Fava Bean Seeds For Cover Crops & Food plots

Fava Bean Seed


Fava Beans (Vicia Faba) - A relative of vetch, Fava beans have erect, coarse stems and large leaves that grow into a bushy plant. This annual legume is also known as broad bean, field bean, horse bean, and Fababean. There are many varieties, even one for human consumption, Windsor bean. The cultivation of the bean dates back to early history where it is native to the Mediterranean region, especially Italy and Iran. In North America, Canada is the largest producer of Fava bean since they produce best in cool summer climates.

Faba bean has a variety of uses; winter or spring cover crop, green manure, silage, forage, or hay. It is an excellent winter or spring cover crop because it grows quickly and produces a great deal of lush foliage. The large amounts of biomass make Fava bean very attractive as a green manure crop with the green forage worked back into the soil as organic matter – improving the tilth of clay and sandy soils. In addition, like most legumes, Fava bean plants are nitrogen fixers, and they replenish the soil with this vital nutrient. Many farmers use Faba bean in their crop rotation, plowing the plants back into the field after the growth has peaked for mulch. Planting time for cover crop use is September to November for winter cover; April for spring cover.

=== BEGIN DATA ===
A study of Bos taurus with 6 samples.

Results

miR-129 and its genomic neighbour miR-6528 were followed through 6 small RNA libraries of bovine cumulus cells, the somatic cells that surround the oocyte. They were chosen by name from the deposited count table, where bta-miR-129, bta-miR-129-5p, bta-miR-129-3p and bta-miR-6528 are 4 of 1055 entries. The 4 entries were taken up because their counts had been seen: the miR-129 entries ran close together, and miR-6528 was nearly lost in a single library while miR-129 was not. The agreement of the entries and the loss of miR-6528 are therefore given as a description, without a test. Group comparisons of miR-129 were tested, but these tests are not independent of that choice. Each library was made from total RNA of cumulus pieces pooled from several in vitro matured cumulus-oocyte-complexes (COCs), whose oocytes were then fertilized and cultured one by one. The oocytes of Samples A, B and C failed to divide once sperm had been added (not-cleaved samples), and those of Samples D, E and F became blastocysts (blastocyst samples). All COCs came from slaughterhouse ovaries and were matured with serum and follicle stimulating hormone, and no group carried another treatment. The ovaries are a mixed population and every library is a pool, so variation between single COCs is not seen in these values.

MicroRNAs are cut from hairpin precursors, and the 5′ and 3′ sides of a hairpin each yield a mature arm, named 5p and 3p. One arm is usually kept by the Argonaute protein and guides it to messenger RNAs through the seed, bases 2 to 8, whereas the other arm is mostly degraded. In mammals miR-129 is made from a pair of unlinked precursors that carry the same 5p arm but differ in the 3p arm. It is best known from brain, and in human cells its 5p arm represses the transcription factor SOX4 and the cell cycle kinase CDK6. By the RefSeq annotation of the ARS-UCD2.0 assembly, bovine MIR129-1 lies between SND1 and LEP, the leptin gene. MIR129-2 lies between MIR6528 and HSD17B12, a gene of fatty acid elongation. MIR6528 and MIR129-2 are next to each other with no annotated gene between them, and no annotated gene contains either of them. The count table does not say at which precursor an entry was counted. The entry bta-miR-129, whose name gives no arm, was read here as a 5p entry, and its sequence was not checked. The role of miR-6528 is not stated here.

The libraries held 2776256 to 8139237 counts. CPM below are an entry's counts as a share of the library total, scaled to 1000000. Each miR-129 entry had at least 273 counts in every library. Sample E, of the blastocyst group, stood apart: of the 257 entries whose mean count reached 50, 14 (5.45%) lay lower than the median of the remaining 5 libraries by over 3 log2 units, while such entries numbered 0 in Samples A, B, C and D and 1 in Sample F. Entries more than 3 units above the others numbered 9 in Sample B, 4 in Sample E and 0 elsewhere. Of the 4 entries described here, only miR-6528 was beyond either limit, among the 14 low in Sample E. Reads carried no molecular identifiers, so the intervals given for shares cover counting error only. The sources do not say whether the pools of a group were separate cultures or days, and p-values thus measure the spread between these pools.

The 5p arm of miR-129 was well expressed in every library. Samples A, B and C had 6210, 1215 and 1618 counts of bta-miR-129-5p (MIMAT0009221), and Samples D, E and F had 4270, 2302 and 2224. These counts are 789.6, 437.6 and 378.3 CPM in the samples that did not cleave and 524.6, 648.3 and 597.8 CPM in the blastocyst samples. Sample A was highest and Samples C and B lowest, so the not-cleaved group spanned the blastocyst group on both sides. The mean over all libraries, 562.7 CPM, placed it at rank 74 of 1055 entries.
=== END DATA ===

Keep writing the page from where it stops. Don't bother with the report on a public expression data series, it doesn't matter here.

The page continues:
Fava beans are also extremely high in protein making them good for animal forage. They can be planted for deer plots and wildlife in late summer and early fall. The plants tolerate frost better than other grain legumes and will stay green down to 20 degrees. They are an excellent source of late season forage for deer.

The plants tolerate many different soil types – even acidic soils. Water logging is also tolerated better than other grain legumes such as chickpeas, field peas, lupines and lentils.. Planting depth is critical, since the hard, dry Faba bean seed takes longer to absorb water and germinate than common bean does. Deep planting is necessary to get the seed below the surface so it doesn’t dry out.

Sowing Rate: One ounce of seed plants a 4 - 10 foot row. Plant fava bean seeds 1 - 2 inches deep and 3 - 6 inches apart. Space rows 12 - 30 inches apart.